Written by 6th grade teacher, Rochelle Dietz. 

In 6th Grade, Physics is brought/taught through observation (observing phenomena) and hands-on experiences/experiments.  Just as we’ve approached all of our learning, the goal is to cultivate an attitude of awe, so that they may truly see and experience the marvels around us.  This is not done through what some Waldorf educators call “edu-tainment”, but through observing phenomena (a phenomenological approach).  Over the course of a 4-week block of study, 6th graders explored the sources of Sound, Light, Heat, Magnetism and Electricity.  

With the exploration of sound, we learned about the larynx.  According to Rudolf Steiner you can “bring acoustics into relation with musical science when you describe the human larynx physically and physiologically” (as cited in Trostli, 2016)  After this description, we compared human sounds with other types of sounds.  We explored how sounds are created , pitch and volume and how sound travels. 

This exploration of sound ended with a very exciting demonstration, sort of a mystery called the Chladni plate, where the students could “see” the effects of sound that are made visible through the changing geometric forms engendered by sounds.  

The study of light was up next and we started with the experience of complete darkness, which happened on our stage.  With all the curtains closed around us and every patch where light could possibly enter covered with cloth, the students sat in a circle and the lights were turned off.  Once they sat in this darkness for some time, a small candle was lit and the flame observed and experienced.  A reflection on their experience came later through beautiful poetry and illustrations.  

(Poem by Bija Nicarry, age 12, shared with permission)

An exploration of light and darkness followed and much of our time was dedicated to the experience and study of color, which included the generation of color, afterimages and colored shadows.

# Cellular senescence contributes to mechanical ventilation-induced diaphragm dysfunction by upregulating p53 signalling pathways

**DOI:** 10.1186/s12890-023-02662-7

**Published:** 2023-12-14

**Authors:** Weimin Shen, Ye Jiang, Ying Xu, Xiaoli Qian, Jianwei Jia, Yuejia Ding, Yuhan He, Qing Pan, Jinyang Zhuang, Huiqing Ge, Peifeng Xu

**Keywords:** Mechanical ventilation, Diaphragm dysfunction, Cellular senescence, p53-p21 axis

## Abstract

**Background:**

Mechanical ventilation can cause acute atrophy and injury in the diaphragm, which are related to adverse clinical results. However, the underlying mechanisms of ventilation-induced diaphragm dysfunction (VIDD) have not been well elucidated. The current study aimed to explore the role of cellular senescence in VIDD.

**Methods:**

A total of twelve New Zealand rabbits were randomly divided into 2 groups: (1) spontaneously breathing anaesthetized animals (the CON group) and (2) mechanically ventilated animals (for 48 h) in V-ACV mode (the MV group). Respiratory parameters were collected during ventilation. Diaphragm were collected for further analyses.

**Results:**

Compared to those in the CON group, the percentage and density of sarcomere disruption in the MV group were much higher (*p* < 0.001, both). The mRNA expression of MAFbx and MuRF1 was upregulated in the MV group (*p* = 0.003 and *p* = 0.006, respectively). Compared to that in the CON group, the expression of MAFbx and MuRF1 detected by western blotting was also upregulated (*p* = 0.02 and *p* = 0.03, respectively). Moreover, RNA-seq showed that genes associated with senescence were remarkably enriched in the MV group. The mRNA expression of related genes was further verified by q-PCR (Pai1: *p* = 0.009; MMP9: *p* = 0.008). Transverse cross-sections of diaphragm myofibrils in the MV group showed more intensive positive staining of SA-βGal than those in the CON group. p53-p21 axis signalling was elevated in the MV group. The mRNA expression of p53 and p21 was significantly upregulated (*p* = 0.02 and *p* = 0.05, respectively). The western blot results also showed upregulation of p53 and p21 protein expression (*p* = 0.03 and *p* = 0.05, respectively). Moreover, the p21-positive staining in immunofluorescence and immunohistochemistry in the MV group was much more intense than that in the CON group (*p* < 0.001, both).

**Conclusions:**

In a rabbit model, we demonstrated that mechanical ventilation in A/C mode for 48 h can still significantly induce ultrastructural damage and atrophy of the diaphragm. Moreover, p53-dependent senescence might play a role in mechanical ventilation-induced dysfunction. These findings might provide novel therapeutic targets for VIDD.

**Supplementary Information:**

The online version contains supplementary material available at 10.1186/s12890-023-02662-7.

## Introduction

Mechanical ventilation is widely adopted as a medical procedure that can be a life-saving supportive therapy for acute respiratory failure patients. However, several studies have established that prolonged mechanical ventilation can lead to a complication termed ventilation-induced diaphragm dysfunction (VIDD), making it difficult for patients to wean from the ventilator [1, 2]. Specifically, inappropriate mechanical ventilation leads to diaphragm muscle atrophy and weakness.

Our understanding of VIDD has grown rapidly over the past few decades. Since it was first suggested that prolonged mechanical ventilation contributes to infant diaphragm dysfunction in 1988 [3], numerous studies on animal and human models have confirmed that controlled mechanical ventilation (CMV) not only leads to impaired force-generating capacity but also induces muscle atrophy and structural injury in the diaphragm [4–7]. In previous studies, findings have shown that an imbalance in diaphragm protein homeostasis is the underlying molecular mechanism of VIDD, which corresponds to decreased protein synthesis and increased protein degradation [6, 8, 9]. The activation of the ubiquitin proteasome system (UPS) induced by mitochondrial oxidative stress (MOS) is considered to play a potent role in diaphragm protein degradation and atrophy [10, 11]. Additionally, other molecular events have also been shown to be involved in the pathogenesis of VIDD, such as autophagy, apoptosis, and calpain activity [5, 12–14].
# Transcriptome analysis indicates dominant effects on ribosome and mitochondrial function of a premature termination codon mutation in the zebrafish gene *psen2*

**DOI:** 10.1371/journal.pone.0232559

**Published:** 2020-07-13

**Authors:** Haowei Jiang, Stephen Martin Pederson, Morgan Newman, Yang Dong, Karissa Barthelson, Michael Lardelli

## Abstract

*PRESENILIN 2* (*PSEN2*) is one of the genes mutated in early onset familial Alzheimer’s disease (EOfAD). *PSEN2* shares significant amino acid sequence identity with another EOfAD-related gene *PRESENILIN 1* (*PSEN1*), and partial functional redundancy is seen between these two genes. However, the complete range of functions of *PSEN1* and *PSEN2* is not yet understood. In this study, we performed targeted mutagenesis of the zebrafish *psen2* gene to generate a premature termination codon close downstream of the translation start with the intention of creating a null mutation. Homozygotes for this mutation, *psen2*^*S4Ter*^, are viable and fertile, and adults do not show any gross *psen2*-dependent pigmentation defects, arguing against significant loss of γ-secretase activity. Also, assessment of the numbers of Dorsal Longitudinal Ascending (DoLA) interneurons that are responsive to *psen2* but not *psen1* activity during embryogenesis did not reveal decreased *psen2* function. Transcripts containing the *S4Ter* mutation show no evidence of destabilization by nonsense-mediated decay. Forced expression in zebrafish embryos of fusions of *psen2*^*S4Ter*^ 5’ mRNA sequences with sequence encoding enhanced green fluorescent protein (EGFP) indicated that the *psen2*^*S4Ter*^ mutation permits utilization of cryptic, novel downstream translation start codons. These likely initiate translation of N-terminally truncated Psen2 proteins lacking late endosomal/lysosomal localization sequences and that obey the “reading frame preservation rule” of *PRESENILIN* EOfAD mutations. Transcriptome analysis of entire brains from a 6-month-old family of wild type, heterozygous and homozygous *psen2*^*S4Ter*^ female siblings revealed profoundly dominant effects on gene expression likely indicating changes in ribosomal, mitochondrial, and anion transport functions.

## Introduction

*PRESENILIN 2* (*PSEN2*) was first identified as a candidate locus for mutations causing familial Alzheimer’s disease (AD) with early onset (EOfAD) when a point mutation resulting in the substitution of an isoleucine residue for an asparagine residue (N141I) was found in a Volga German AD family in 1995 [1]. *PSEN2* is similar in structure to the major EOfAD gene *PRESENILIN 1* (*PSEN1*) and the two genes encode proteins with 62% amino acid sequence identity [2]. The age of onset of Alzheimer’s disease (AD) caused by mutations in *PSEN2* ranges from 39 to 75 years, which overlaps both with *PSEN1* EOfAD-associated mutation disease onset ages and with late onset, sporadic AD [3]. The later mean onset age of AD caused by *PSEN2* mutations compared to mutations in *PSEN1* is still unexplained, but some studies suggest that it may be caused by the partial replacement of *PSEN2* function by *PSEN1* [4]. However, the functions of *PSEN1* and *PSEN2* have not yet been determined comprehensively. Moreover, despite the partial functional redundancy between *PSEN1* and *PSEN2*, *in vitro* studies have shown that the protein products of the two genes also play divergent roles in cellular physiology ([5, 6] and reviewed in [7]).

Exploring the colors of light was definitely illuminating as they discovered the primary colors of light are different!  


The study of heat was next and we focused on the warmth of colors, of sounds and of materials.  We also explored how heat originates through combustion, light, friction, internal stress and electricity.  Concluding our time with how heat travels through conduction, convection and radiation.  

Up next was the story of the discovery of magnetism, which took us back to Ancient Greece and a shepherd named, Magnus.  Magnus tried to sturdy his walk by placing nails into his shoes and his staff and found himself a high rock from which he could watch his sheep. Little did he know that he was standing on a “magical” rock. He could hardly move when he tried.  From our studies in Geology, the students knew that this rock was indeed magnetite and that Magnus had discovered magnetism.

The students explored magnetism through various stations where they could discover the attractive power of magnets, how magnetic poles attract each other, that magnetism can travel through many materials and how a field of force penetrates and surrounds a magnet.

We concluded our introduction to 6th grade Physics with the study of static electricity.  Here again we started with a story, that of a Greek scientist named Thales.  He noticed that when amber was rubbed with a wool cloth, light objects were attracted to it.  Electricity is named for the Greek word for amber, which is electron.  The students enjoyed exploring how static electricity is produced by rubbing certain substances with other substances, that a static electric charge has the power to attract or repulse, similar to magnets and that static electricity can be detected and stored.

Our culminating demonstration was creating a Leyden Jar, where each of the 6th graders got to experience how a small charge would jump to the nail in the Leyden jar and then how a shock could be felt from the stored electricity!

Last but not least, we visited the Lancaster Science Factory to bring it all together.

Trostli, R., & Trostli, R. (2016). Physics the Waldorf way, grades 6-8: A Manual for Teachers. Lystra Books & Literary Services.